Theres been a fair bit of excitement around the traps today about the revealing of Amazon’s tracking of highlighting on their Kindle devices.
In fact this sort of interaction tracking has been going on on the web for quite a while – but the Kindle example is one of the first where this data is being used to encourage serendipitous discovery and interest.
I started doing some work around this on the Powerhouse collection site in July last year and it forms the basis of the paper I presented at Museums and the Web this year (as well as briefly mentioning it at Webstock in February).
We’ve been trying to figure out alternative ways of measuring the success or otherwise of making large amounts of our content available on the web. Traditional web metrics just don’t cut it – millions of views of your content isn’t really helpful in improving the content you make available. And whilst qualitative research is invaluable it is generally expensive and just doesn’t scale.
So in July last year we started using a tool called Tynt Tracer.
We aren’t interested in ‘enforcement’ or preventing visitors from cutting and pasting content – but we are primarily interested in learning about what parts of our content is the most useful to cut & pasters, and where it ends up so we can improve it and its structure.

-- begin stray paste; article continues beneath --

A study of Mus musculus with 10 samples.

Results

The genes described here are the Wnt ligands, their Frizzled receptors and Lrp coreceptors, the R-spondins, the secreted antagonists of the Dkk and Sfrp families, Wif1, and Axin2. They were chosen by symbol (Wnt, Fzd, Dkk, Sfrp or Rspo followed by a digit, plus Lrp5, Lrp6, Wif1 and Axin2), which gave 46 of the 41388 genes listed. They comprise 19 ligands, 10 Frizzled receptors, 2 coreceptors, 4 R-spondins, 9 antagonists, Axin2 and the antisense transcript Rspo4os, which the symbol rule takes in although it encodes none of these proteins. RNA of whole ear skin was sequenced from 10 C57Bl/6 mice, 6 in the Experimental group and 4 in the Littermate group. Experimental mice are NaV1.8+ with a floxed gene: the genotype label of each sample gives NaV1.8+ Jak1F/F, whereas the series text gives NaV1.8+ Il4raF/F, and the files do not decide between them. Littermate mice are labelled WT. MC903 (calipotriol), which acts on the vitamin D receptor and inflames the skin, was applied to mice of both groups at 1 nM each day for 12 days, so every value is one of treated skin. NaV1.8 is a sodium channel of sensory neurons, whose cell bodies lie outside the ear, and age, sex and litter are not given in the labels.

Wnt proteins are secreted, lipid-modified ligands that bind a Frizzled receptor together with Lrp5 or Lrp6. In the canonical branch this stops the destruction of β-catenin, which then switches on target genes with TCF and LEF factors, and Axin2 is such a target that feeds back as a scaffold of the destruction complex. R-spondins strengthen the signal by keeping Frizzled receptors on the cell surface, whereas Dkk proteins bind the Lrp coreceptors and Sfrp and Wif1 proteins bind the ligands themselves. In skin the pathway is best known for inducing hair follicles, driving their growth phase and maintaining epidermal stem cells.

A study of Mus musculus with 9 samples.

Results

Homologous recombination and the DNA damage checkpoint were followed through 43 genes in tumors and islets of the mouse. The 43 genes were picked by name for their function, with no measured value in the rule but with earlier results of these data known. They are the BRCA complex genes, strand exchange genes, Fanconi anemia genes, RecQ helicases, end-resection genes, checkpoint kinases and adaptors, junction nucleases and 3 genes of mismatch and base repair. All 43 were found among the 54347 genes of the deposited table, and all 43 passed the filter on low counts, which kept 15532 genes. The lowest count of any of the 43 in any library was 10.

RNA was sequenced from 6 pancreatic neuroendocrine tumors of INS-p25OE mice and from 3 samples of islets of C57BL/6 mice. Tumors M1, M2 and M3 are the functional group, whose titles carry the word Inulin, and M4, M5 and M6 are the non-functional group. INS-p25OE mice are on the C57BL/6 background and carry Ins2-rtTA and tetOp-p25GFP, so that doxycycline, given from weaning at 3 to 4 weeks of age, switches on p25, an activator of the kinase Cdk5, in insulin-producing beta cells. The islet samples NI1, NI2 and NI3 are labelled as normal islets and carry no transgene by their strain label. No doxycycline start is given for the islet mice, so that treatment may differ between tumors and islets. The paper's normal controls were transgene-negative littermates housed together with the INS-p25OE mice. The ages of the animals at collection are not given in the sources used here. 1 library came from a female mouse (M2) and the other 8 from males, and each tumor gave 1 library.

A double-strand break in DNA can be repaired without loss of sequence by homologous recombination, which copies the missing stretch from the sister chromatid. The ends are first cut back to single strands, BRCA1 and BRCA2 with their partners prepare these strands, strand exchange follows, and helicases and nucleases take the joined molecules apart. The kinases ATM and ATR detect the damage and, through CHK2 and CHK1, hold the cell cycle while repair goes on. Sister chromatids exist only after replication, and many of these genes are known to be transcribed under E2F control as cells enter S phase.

Here’s what Tynt says about their service.
Tynt Insight anonymously detects when content is copied from your site, and can help determine what they are doing with it. At Tynt we believe content copying can be beneficial to the site owner. We find that most people copy content innocently because they are your fans. They copy content to either preserve it for themselves or to share it. Half of copied content is still shared by email because it is still the easiest and most familiar way to share content.
My paper explores how we applied this in a fair bit of detail as well as some of the findings of roughly six months’ worth of data. Suffice to say, it isn’t perfect and the paper ended up revealing that there is far less educational use of our collection in schools than we hoped for (education users being the ones we’d expect would most likely cut & paste!) – but that’s another blogpost.
Nearly 3 million words had been cut and pasted during the sample period. That’s possibly a better measure of the success, or ‘usefulness’, of our collection metadata than object views.
During a six-month period, 20,749 copies were made: 5% of these copies were images – predominantly thumbnails and, curiously, the Museum’s corporate logo; 36% (7,601) were copies of 7 words or less in length. Tynt calls these ‘search copies’ and implies that their likely use was for use in search. These search copies do not have licence and linkback text appended to them. The remaining 58% (12,608) were copies of greater than 7 words and thus had license and linkback details added to them. These 12,608 copies contained nearly 3 million copied words (2,906,330 words).
We’ve been looking at the resultant heatmaps that highlight the content that gets most cut and pasted. These offer the opportunity for us to learn and think about how we present and refine content for certain types of users.